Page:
The mosquitoes around House No. 17 strictly believe in the kamikaze doctrine. Any exposed part of the body and it’s a wham-bam-thank-you-wham situation for them. In the beginning, as I mercilessly slaughtered them with the help of my precise karate chops, there was a sense of achievement. Then realization dawned. They just don’t give a damn. Their ultimate high is to stick their proboscis in pliant flesh, suck greedily, and welcome the inevitable slap. Guerilla warfare. Hit and run. Hit and run. Well, more suck and fly. But it doesn’t quite have a ring to it. I am fast by the average mosquito hunter standards. I get one or two. By that time the others have dug deep and sucked hard. Drink for the day over, they fly away sluggishly, just out of reach of my flailing itchy arms (and legs).
Despite being from the shiny, happy, world of advertising, I believed in the hype of a dozen mosquito repellent products. Everything from electric swatters to citronella laced incense sticks found its way home. The 30% extra incense sticks (ominously named as Killer Incense) almost choked me one night. I could distinctly hear faint guffaws as I lit the oh-so-traditional mosquito coils. I switched on glowing spaceship shaped devices that promised that mosquitoes would disappear the moment it’s switched on. That night there was a rave party around it. I rubbed mosquito repellent. Other than making me smell like mosquito repellent, it didn’t really make much of a difference to the target audience. The mosquito racquet performed quite adequately at first. My record was snaring half a dozen with one well-timed swat. I displayed the slain comrades on a piece of paper on which I had written ‘You are next’ in serial killer font.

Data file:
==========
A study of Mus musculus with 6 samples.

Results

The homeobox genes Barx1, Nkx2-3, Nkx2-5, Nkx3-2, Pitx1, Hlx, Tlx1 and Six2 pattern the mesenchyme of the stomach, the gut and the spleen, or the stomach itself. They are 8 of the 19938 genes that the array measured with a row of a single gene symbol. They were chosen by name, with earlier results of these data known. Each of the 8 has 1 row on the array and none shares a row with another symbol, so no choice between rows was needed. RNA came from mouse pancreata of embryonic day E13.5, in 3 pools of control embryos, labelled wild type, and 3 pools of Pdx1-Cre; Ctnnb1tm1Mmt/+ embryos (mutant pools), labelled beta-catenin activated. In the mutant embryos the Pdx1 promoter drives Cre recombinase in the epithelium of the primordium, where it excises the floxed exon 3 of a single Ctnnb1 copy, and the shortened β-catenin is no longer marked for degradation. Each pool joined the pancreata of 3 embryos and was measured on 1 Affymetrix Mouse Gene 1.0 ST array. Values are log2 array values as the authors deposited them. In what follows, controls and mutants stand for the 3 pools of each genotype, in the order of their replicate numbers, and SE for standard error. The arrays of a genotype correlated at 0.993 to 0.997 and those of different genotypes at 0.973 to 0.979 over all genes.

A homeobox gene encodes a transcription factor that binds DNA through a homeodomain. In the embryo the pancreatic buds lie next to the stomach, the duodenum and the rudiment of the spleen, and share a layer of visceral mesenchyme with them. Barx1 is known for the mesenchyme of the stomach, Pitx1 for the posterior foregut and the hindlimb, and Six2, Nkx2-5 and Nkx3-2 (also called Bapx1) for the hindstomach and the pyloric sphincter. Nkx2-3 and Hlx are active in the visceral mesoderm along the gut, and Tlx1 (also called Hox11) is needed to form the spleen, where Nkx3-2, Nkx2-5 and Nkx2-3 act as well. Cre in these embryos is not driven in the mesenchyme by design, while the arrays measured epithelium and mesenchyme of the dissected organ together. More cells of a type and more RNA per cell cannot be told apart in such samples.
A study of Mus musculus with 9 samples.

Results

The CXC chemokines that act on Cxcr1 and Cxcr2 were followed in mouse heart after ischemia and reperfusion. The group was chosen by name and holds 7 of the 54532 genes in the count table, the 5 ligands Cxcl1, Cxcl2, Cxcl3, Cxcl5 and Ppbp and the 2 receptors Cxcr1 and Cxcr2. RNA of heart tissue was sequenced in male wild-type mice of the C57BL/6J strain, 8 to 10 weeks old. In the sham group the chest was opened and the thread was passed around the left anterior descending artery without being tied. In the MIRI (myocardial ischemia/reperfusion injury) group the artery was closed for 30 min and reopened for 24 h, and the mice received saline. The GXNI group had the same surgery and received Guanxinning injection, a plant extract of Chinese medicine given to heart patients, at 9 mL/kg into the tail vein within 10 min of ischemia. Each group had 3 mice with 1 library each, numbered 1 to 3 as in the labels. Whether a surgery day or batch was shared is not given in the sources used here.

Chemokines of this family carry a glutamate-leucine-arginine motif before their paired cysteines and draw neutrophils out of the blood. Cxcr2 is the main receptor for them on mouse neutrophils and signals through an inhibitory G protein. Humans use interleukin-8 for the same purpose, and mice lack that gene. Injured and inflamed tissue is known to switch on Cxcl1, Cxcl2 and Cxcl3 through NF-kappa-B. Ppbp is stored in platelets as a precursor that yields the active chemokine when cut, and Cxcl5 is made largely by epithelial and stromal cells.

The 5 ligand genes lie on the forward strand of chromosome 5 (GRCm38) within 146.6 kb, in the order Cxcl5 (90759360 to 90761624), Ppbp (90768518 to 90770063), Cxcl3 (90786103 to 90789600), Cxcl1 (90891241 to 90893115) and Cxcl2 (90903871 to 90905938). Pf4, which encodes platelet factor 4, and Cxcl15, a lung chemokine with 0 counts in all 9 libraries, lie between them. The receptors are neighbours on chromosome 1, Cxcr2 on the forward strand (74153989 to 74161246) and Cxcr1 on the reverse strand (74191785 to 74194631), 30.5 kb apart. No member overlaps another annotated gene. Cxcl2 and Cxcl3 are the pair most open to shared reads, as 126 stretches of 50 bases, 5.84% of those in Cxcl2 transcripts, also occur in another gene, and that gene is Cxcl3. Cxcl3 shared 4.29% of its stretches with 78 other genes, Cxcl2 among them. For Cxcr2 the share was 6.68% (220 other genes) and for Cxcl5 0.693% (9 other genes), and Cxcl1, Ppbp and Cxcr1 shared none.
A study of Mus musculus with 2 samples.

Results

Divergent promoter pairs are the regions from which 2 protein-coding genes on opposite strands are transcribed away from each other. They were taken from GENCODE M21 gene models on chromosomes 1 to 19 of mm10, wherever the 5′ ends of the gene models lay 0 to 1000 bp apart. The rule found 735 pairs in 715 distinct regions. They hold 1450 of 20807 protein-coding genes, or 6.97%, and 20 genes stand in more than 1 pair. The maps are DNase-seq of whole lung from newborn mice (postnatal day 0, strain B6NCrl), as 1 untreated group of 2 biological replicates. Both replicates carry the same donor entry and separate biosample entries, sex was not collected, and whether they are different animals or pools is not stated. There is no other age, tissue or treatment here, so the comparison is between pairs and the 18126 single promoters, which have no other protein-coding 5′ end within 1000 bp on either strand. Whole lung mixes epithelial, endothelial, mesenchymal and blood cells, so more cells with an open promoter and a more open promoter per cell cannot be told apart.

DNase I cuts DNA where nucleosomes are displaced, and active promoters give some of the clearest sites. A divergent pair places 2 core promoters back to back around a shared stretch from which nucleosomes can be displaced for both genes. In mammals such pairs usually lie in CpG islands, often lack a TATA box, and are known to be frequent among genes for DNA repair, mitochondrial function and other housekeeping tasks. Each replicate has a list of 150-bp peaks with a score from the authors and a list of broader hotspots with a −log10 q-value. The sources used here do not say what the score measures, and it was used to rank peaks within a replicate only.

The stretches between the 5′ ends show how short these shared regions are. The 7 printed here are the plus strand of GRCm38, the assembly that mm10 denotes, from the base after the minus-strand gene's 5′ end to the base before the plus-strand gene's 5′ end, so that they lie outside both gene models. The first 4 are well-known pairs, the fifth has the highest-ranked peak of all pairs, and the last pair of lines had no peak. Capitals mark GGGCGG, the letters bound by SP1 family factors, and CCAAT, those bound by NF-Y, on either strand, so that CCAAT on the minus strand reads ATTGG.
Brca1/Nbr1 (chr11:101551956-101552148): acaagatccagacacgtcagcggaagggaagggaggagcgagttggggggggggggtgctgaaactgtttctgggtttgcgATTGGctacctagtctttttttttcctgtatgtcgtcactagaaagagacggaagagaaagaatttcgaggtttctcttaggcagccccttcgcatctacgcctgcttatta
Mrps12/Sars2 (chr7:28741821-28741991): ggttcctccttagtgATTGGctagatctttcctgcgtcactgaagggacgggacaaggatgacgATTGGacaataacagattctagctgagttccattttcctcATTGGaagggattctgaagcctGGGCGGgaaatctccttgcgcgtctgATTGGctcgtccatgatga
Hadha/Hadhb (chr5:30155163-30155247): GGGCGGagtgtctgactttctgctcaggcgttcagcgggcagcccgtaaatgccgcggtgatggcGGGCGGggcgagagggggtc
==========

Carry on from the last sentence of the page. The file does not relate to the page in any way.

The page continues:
After that momentous occasion, there was peace. The mosquitoes disappeared. For one entire evening. A stupid grin never left my face. Till the next morning. They got me when I was in the loo. It was an ambush. They attacked parts of the body where forget karate chops, even little taps are unbearable. They came in droves. Elite units. Trained to the highest degree. With specially sharpened proboscises. It was diabolical. Stephen King would have been proud.
I swallowed my pride and did the next best thing. Asked Google. The first thing it threw up was – are there tropical plants in the vicinity of the house, specifically banana trees? Yes. Yes. There’s an unruly clump of banana trees. Bit of an eyesore really. I learnt that the part where leaves of the banana tree connect to the trunk serves as a cup that holds water, making it an ideal spot for mosquitoes to breed.
The banana trees in our compound also were of such an inferior type that apparently monkeys amuse themselves by throwing them at passerby’s. The plan was simple. The execution, not so much.
Despite money being offered, it was ridiculously difficult to find anyone who wanted to take on the responsibility of clearing the grove. The seething mass of mosquitoes also didn’t help. A couple of well wishers mentioned helpfully that as banana trees are the natural food of elephants, it might help if we get some elephants. Thing is, elephants don’t simply hang around in the vicinity, lolling their heads, waiting for someone to call them over for a meal of banana trees. But then life does give a break or two. Two elephants were spotted in the neighbourhood. Without much ado, the mahouts were apprised of the situation. Free food for their plus size wards is always a welcome prospect.
To cut a long story short, never once did I think that there’d be a day when I’d write that I enlisted the help of two elephants to overcome the mosquito menace in my house. But that was precisely what happened. I know there are disbelievers out there. Thankfully, there was a camera handy.
(As for the mosquitoes, the loss of their breeding habitat has led to a significant decline in their population. There are the occasional skirmishes, but nothing that a skilled hunter like me cannot handle.)